The European Central Bank has left interest rates in the eurozone unchanged, but kept the door open for more cuts in the months ahead and renewed calls to politicians to do more to support the bloc’s economic recovery.
Amid signs that the UK’s vote to leave the EU is having little immediate impact on the eurozone economy, the ECB held the single currency area’s main interest rate at zero. But ECB president Mario Draghi warned that uncertainty stemming from the vote for Brexit was among the factors dampening the eurozone’s growth and he unveiled a slightly weaker economic outlook for the bloc.
The Frankfurt-based ECB also decided to continue to buy €80bn (£68bn) of bonds a month under its quantitative easing (QE) programme. But it advised markets that the scheme would likely come to an end in just six months. The statement that QE would run until March 2017, “or beyond, if necessary”, disappointed those investors who had hoped for a more explicit extension of QE.
Draghi repeated recent assertions that the ECB stands ready to pump more stimulus into the economy as needed to get inflation back up to its target of below, but close to, 2%. He said interest rates were expected “to remain at present or lower levels for an extended period of time”. Eurozone inflation stands at 0.2%.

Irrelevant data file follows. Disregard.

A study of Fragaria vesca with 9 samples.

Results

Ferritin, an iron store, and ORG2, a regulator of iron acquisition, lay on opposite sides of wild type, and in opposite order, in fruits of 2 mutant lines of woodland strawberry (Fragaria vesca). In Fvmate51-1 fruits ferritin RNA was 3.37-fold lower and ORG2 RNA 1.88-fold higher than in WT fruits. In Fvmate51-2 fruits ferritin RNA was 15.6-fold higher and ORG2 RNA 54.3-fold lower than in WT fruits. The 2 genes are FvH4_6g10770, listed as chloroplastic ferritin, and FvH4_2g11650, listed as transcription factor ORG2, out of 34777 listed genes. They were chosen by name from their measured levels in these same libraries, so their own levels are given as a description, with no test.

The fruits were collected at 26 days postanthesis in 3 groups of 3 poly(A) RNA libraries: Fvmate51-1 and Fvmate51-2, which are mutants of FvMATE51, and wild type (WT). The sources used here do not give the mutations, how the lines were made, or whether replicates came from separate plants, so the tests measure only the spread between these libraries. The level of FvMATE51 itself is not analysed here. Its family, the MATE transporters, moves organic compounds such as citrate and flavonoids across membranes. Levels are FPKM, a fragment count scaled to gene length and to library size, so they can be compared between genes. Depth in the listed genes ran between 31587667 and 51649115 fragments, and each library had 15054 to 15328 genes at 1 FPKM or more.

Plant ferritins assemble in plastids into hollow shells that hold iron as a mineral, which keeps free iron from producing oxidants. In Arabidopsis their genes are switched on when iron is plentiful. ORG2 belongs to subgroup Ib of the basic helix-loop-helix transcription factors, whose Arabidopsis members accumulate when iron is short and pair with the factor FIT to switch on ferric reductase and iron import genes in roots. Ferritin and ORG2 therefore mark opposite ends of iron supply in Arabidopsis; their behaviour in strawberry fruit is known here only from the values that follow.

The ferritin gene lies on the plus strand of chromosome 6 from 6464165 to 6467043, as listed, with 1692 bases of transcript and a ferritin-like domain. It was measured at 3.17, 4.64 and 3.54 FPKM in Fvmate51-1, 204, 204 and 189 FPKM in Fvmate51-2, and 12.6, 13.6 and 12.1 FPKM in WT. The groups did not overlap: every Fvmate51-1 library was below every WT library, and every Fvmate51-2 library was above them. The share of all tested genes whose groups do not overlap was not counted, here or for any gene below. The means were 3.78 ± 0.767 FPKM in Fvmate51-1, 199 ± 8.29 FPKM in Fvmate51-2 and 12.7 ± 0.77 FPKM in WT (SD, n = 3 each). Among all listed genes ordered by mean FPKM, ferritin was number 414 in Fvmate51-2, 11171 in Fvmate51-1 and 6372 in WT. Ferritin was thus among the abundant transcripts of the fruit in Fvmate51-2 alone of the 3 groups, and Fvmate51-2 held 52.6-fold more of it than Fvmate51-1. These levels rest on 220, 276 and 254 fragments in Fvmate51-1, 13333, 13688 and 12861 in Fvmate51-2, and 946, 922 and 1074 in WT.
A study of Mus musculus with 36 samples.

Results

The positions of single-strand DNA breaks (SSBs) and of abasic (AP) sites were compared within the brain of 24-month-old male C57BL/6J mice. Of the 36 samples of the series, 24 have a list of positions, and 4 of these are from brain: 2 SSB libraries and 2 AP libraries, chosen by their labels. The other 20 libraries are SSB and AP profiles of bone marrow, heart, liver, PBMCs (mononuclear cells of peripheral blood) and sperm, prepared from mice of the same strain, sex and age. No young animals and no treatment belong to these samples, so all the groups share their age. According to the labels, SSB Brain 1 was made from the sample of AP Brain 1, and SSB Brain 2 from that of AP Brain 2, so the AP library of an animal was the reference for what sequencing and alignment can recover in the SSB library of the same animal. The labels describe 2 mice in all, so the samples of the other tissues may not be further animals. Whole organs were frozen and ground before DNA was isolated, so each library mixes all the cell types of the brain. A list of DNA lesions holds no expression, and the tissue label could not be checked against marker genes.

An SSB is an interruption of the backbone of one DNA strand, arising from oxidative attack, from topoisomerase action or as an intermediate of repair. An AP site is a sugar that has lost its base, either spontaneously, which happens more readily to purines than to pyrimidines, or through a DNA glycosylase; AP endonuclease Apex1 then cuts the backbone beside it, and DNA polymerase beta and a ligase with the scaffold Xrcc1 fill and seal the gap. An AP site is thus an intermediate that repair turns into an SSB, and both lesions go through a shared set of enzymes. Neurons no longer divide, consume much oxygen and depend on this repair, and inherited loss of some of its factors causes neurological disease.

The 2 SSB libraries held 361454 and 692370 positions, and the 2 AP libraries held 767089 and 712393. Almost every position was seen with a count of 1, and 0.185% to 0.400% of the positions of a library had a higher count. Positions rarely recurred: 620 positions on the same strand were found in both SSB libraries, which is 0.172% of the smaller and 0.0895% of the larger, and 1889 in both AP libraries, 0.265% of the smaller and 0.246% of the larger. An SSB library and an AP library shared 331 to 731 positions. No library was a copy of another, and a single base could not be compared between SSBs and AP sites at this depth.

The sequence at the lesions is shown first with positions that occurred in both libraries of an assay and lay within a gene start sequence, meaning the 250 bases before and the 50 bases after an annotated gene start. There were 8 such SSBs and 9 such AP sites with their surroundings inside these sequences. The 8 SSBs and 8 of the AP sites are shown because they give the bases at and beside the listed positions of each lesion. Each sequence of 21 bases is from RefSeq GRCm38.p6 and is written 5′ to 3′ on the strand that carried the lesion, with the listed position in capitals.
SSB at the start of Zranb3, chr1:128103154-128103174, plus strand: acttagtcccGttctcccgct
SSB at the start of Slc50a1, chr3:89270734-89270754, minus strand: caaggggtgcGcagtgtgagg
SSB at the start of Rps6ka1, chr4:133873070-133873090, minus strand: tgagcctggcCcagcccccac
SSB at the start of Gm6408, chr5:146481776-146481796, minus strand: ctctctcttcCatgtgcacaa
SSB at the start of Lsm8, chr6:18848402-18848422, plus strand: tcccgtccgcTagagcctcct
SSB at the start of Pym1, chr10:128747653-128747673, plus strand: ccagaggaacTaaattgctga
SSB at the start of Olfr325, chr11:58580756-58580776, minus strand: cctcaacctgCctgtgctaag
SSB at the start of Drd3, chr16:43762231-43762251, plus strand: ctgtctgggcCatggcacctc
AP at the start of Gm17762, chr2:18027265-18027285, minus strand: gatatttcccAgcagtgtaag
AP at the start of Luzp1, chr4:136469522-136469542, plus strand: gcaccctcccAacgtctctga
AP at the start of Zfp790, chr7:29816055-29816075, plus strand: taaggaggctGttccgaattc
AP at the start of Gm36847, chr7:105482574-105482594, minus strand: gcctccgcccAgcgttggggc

Eurozone interest rates are already at a record low after the ECB used its March meeting to launch an unprecedented package of growth-bolstering measures. It cut borrowing costs, expanded its QE programme, and reduced a key bank deposit rate further into negative territory.
Draghi used his latest news conference on Thursday to insist that his support package was “effective” while promising there was more ammunition left to deploy if inflation refuses to budge upwards. “If warranted, we will act by using all the instruments available within our mandate,” he said.
Draghi also said the ECB was looking at ways to ensure “a smooth implementation” of its QE scheme, by which it electronically creates money to buy bonds. However, he said policymakers had not discussed expanding the scheme to buy stocks, and nor had they mulled “helicopter money”, under which central banks print money so that finance ministries can hand it out to citizens or spend it on big infrastructure projects.
The ECB’s outlook for eurozone growth was slightly more pessimistic than when forecasts were last published in June. It now expects GDP to expand by 1.7% this year, compared with 1.6% previously. But for both 2017 and 2018 the growth forecast was trimmed to 1.6% from 1.7%.
The UK’s vote to leave the EU was mentioned only briefly, with Draghi commenting: “The economic recovery in the euro area is expected to be dampened by still subdued foreign demand, partly related to the uncertainties following the UK referendum outcome, the necessary balance sheet adjustments in a number of sectors and a sluggish pace of implementation of structural reforms.”
In a fresh dig at politicians, Draghi said that to reap the full benefits from the ECB’s monetary policy measures, “other policy areas must contribute much more decisively, both at the national and at the European level.” He said that changes to how economies work “need to be substantially stepped up to reduce structural unemployment and boost potential output growth in the euro area”.